Whiskey, cognac, wine, Armagnac, sherry, the list continues. Well known for the maturation of alcohols, Oak wooden casks have become a vital component in the alcohol business. The slightest variation in wood type and finish can have a big difference in the flavour of the finished product.
The Oak is chosen initially depending on its shape and seasoning period. Top-quality straight grained butt oak that has been riven or sawn on the ray is required to ensure the staves bend in the correct way and maintain a watertight cask. The headers and head of the barrels are still made using oak, however, the wooden hoops have since been replaced with iron, as less hoops are then required.
Boards that have been seasoned for longer contain far less tannins. Tannins are responsible for a bitter taste, and so sweeter bourbon liquors are matured in casks using well-seasoned oak. The oak gives a distinct flavour to the liquor through contact, and also partly oak’s more complex ability to allow the cask to breathe slightly. The addition of tyloses in the Oak, adds not only a sugar flavour when the barrels are toasted, but improves on the water tightening of the barrel.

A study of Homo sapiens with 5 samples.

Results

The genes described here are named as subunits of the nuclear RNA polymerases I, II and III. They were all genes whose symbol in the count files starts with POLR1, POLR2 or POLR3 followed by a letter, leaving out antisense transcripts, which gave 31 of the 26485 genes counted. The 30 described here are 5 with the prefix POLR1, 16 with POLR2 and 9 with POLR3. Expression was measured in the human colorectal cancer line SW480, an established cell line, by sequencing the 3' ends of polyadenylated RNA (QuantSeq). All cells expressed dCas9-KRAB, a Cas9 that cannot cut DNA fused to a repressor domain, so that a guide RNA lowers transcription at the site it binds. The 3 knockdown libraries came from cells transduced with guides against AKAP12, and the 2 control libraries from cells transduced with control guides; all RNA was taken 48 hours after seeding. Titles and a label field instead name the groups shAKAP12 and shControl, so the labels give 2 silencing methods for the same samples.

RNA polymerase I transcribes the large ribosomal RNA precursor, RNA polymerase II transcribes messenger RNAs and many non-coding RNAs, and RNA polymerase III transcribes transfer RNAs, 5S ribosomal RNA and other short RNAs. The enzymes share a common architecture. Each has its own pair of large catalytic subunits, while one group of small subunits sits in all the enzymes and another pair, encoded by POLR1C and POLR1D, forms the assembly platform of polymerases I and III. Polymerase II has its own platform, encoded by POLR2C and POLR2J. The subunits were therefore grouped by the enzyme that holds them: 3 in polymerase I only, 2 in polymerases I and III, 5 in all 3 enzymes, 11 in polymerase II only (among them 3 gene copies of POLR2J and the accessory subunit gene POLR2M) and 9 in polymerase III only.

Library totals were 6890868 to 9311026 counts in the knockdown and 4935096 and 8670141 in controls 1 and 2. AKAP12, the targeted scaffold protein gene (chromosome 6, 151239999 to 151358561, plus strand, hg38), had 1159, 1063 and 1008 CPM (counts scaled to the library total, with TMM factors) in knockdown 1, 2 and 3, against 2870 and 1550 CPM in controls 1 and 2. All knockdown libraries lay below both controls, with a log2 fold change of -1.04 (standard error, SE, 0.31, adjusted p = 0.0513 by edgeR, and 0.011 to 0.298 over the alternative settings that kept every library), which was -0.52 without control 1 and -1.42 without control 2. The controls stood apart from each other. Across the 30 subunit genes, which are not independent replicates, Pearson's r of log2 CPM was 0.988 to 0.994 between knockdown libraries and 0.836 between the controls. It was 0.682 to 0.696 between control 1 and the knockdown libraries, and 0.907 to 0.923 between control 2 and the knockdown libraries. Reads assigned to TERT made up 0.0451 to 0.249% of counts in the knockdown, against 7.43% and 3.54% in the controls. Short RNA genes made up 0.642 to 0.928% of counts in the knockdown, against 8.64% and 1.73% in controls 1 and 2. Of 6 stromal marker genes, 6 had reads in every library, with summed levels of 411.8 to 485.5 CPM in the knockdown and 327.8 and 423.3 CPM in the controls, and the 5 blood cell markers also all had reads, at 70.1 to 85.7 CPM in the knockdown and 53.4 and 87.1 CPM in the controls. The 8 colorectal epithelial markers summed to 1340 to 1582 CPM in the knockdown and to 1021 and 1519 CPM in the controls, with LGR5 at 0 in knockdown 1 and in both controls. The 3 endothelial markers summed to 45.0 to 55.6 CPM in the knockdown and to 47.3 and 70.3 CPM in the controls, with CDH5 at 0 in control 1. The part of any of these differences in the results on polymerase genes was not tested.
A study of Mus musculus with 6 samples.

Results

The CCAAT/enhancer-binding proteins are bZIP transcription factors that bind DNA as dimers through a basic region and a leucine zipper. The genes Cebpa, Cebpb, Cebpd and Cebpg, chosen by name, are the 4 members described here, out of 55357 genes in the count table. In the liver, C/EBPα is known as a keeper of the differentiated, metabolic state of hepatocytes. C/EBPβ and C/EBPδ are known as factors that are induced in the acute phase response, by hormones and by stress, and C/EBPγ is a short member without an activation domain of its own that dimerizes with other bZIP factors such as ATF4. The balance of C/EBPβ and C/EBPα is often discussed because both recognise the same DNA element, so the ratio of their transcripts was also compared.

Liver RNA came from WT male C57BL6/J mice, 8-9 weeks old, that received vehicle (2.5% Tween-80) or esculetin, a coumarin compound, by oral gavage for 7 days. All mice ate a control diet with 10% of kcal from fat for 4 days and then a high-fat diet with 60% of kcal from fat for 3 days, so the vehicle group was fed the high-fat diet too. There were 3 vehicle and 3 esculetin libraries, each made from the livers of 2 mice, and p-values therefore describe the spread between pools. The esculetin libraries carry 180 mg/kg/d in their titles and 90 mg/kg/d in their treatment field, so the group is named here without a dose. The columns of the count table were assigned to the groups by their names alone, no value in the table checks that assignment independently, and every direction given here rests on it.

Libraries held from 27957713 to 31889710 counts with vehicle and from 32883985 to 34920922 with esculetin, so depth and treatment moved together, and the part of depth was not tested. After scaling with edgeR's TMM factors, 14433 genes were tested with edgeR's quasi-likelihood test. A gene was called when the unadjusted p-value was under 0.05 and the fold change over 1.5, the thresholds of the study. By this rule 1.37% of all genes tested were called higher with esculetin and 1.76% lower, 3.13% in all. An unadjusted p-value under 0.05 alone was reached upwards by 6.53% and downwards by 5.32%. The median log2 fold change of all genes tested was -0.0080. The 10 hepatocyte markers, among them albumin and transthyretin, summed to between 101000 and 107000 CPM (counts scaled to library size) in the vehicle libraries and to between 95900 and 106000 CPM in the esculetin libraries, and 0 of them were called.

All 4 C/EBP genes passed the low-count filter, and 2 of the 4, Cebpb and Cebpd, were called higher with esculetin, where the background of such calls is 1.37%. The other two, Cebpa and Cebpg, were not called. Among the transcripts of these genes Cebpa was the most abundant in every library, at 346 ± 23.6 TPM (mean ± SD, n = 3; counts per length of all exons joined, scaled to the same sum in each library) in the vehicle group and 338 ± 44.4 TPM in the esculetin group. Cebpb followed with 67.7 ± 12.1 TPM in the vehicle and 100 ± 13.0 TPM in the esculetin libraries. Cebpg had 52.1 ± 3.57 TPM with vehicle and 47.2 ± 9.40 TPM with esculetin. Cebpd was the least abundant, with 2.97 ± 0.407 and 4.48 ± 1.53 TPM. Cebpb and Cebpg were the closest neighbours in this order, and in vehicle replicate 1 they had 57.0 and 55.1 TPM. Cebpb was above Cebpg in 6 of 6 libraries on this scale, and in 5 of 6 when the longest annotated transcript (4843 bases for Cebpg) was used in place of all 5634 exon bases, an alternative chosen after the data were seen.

The toasting of the barrel also forces the sugar within the timber to come to the surface and create a caramel. This, when mixed with the raw whiskey dissolves into the fluid, and is the reason for the dark brown colour of matured whiskey.
Charring of the barrels is required for Bourbon and Tennessee Whiskey, which heats up the interior of the barrel to produce charcoal- which subsequently acts as a filter removing bitterness and unwanted flavours from the raw whiskey.
In both events, certain liquors made in oak casks are universally claimed to be superior over those made in other types of container.